08/10/2023


I usually give about 5-10 invited talks a year, and like the OP, I don't have that many papers ready for presentation at the same time (usually about 2 in presentation-ready state in any one year). In my experience, the best stage to present a paper is when it's either (i) very close to being ready to send out to journals, or (ii) under submission at a journal. That has the benefit of giving a paper that's fairly polished, while also giving the audience the opportunity to influence what the final published version will look like. Given the usual rejection/R&R/etc trajectory, I've rarely (to my memory, never) ended up presenting an already accepted paper using this strategy.

curious

Intervening/clarifying question:

When y'all refer to presentations, what length are we talking about? 50 minutes? So about 6000 words?

And are the majority of your publications around that length? I have a tendency to not write anything under 10K and I'm wondering if that's hurting the way my productivity projects.

TT philosopher 6 years post-PhD

Maybe it's because I move in interdisciplinary circles a lot, but I'm not convinced the norm in philosophy against presenting already-published work is as strong as it once was. I'm pretty sure I've done this to mainly philosophical audiences multiple times and never had any sense that anyone was bothered by it. Even if it's published, chances are very few people in the audience will have read it, so what's the problem from their perspective? They get to learn about the idea/argument without having to find time to read the paper - which few of them who don't work in the area will do. And even if it's published, they can still have good objections etc. that might cause you to change your view in some way, or rethink things for future work on the topic.

I've also had good experiences presenting fairly under-cooked works in progress, prefaced with the kind of 'heads up' Marcus describes. I think if you've got a good, clear question you can articulate, but don't yet have a definite answer (or aren't yet sure if/how your answer works, etc.) that can be quite enough to make the talk and Q&A an intellectually valuable and worthwhile exercise for speaker and audience alike. This, of course, fits with the philosophical norm that one gives talks to get feedback on works in progress.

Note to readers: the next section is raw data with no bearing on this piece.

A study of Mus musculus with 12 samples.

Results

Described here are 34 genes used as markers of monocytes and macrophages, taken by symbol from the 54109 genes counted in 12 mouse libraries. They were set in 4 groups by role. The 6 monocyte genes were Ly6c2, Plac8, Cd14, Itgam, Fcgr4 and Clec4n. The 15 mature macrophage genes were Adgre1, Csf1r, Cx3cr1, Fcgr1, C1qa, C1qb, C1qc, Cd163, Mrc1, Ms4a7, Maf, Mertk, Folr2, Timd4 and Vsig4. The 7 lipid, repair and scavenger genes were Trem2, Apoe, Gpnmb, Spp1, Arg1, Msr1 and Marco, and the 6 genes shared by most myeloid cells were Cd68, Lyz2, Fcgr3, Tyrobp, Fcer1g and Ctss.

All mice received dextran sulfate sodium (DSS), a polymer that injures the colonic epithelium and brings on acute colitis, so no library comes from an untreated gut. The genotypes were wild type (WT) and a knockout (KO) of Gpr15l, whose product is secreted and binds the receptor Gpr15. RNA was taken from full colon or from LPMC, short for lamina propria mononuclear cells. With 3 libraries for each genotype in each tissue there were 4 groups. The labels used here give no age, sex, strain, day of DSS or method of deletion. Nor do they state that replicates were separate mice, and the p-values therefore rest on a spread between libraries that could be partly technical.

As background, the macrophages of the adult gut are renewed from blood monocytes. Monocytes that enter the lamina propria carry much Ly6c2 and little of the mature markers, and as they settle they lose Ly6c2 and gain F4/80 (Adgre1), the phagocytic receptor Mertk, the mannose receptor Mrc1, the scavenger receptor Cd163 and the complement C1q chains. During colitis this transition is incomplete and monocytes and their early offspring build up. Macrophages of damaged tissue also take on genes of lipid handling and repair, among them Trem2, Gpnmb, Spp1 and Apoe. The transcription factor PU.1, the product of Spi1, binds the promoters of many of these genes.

Cecil Burrow

Is this really a problem that actually arises? Given how long it takes to get a paper accepted these days, does it really happen that while working on a talk, you decide to turn in into a paper, which ends up being accepted before the talk is even given? I imagine that situations like that would be *extremely* rare.

fearless

I think this is standard practice. When I was on the market, trying to secure a TT job, I tried to have a new paper to present each year (for 5 years!). And, I was also, simultaneously trying to publish these papers. The strategy paid off (I think?!).
And I even recall, when I was in grad school, colloquium speakers presenting papers that were already accepted for publication.

UK Postdoc

I agree with TT philosopher above that the norms may have changed here. And I also believe this is a positive development. Too many papers are published but not read even by people who should have an interest. It is valuable both to the author and to the audience of a talk to have the chance to 'promote' a paper. Especially since the audience will have the chance to ask questions, and the author has the chance to discuss material that was left out of the paper. I'd go for it!

Grad Student

For what it's worth, in my university there is a tradition of inviting weekly guest speakers and I'm a member of the committee. It never occurred to any of us that we should ask the speaker not to talk about published work and this post is the first time I hear of such a norm.

TT philosopher above

Grad Student, I don't think anybody ever *asks* speakers not to talk about published work. There just has been, at least in the past, a largely tacit understanding that the purpose of giving talks in philosophy is to get feedback on work in progress. If this is the purpose, then it seems to follow that there's no point presenting already published stuff, since you can't change it in light of the feedback.

I'm curious if anyone knows whether these sorts of norms exist, or have existed, in other Humanities disciplines. In the sciences they don't, AFAIK, and the main point of giving talks is to communicate findings.